A Gastroenterologist’s Personal Journey Down the Gluten Rabbit Hole

Gluten intolerance resulting in symptoms and illness similar to celiac disease (CD) without meeting diagnostic criteria for CD was a new concept when I first wrote this article in 2006. However, the condition known as non-celiac gluten sensitivity (NCGS) for many physicians, even gastroenterologists to swallow to an increasingly recognized, written about and studied one in mainstream gastroenterology. While celiac dissease affects 1% of the population worldwide it is accepted that NCGS affects as many as 10% the population albeit transiently. I would propose it may affect as high as 30% of the population though mildly and transiently.

Wheat gluten as a cause of illness

Gluten ingestion is an avoidable, treatable, and reversible cause of illness and/or varied digestive and non-digestive symptoms in many people www.stuartakermanmd.com. It is believed to be a contributing factor in the rising epidemic of autoimmune diseases. Many physicians resist these concepts finding them either unbelievable, unacceptable or both. I believe that their rejection is neither rational nor helpful. It may be reasonable to reject them for cultural or financial reasons but I don’t believe they can legitimately be rejected based on scientific grounds or experience any longer.

Celiac disease not rare and is often missed as a diagnosis

Celiac disease is not rare. CD affects 1 in 100 people in the world. Yet the diagnosis of CD is still frequently missed and/or delayed. It is a common disease that is often undiagnosed or misdiagnosed. It may even be the most common autoimmune disorder. Though the risk is largely genetic, it is preventable by simply avoiding gluten. Autoimmune diseases associated with CD may also be preventable by avoiding gluten.

What doctors remember from medical school about Celiac disease

When I was in medical school over thirty years ago, I was taught that CD was rare. In residency we were shown photos of short, emaciated children with skinny limbs and pot-bellies. We were told that their medical history included symptoms of profuse, watery, floating, foul-smelling diarrhea, and iron deficiency anemia. The picture and story was burned into the hard drive of our brains, not necessarily because anyone believed we would see someone with CD in our practice, but because CD was considered rare and odd enough that it was a favorite board examination question. That image and story remains in the mind of most physicians, preventing them from seeing CD in a much broader light.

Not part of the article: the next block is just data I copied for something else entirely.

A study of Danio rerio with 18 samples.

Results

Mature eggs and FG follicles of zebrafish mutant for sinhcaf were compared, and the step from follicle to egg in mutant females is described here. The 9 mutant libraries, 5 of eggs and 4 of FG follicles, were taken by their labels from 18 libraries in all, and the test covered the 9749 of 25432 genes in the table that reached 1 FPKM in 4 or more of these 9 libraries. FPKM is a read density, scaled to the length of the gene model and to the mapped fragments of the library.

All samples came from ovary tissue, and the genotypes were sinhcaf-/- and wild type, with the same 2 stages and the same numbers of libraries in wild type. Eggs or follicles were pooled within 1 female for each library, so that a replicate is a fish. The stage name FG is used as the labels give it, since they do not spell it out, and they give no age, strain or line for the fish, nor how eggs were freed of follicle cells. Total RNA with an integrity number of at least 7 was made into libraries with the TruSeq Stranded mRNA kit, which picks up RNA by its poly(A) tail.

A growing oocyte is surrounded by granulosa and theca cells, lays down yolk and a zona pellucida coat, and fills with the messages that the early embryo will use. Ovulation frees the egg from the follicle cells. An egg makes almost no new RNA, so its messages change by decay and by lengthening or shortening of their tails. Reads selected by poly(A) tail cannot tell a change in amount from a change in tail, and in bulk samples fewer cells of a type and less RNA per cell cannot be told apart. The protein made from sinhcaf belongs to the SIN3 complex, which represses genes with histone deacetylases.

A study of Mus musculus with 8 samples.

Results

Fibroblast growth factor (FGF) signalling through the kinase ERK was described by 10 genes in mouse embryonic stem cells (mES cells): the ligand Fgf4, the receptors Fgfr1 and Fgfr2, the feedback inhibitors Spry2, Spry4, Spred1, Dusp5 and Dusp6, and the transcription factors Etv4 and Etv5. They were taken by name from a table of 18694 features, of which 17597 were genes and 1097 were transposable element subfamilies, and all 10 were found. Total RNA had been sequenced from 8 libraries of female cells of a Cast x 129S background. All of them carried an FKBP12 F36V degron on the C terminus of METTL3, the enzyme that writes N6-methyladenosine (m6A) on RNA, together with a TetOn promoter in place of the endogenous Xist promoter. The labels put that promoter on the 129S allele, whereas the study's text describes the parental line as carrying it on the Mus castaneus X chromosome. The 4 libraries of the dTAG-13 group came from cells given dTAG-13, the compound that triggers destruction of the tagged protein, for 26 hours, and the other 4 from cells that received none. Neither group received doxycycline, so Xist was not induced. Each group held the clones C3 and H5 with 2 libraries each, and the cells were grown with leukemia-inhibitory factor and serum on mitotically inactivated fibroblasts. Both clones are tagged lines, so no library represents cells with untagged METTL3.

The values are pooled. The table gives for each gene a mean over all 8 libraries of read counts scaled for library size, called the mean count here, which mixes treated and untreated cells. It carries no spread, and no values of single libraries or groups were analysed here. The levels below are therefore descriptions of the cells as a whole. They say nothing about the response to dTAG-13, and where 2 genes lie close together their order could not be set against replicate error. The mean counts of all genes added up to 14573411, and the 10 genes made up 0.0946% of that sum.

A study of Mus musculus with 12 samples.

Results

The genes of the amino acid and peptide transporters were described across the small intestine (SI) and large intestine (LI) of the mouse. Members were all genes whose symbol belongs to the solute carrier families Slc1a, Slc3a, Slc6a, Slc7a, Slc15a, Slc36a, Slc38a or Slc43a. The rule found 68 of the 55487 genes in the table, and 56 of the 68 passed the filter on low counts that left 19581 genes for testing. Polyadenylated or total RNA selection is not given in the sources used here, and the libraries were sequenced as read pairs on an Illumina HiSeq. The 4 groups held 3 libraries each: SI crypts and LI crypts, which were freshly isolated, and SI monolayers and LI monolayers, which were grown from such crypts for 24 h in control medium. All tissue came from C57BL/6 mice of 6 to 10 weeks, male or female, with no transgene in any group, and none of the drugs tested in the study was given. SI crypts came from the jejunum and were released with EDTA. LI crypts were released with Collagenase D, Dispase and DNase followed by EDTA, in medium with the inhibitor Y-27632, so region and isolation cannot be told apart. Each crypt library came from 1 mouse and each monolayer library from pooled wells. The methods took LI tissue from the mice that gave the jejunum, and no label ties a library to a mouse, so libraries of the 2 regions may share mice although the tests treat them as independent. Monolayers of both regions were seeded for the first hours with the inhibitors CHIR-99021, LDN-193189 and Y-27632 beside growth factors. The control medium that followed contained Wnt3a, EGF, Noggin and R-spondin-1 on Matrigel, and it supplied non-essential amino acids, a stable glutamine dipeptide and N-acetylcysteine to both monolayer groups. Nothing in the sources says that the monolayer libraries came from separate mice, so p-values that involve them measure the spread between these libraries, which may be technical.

Blood tests for Celiac disease become available

When I entered subspecialty training in gastroenterology specific blood tests for CD were available but still new. We were beginning to order the blood test when classic symptoms of CD were seen without an identifiable cause, or if we happened to sample the small intestine during endoscopy and classic Sprue changes were seen in the intestinal biopsy. CD was still considered somewhat rare. We did not routinely biopsy the small intestine to screen for CD, and genetic tests were not yet available.

Celiac disease is common but gluten sensitivity more common

It wasn’t until Dr. Fasano, a pediatric gastroenterologist from Italy, published a landmark article reporting Celiac disease affected 1/133 people in the U.S that American doctors began thinking more about it. It was subquently slowly accepted that family members of people with CD, those with digestive symptoms, osteoporosis, anemia, and certain neurological, skin or autoimmune disorders constitute high risk groups for celiac disease and should be screened. Such high risk individuals have an even higher risk of between 2% to 5%, though most physicians are unaware of these statistics. Every week, using the strict diagnostic criteria, I confirm 2-3 new of CD. I also see 5-10 established CD patients. However, for every identified CD patient there are 3-10 who have clinical histories consistent with CD, but who fail to meet the diagnostic criteria. Yet they respond to a GFD. Many have suggestive blood test results, biopsies and or gene patterns but some do not.

Genetic link to Celiac disease and gluten sensitivity

More than 99% of people proven to have CD carry one or both of two white blood cell protein patterns or human leukocyte antigen (HLA) patterns HLA DQ2 and/or DQ8. However, so do 35-45% of the general U.S. population, especially those of Northern European ancestry. Yet CD is present in only 1% of the same population. DQ2 or DQ8 are considered by some experts to be necessary though not sufficient to develop CD. However, CD without those two genes has been rarely reported.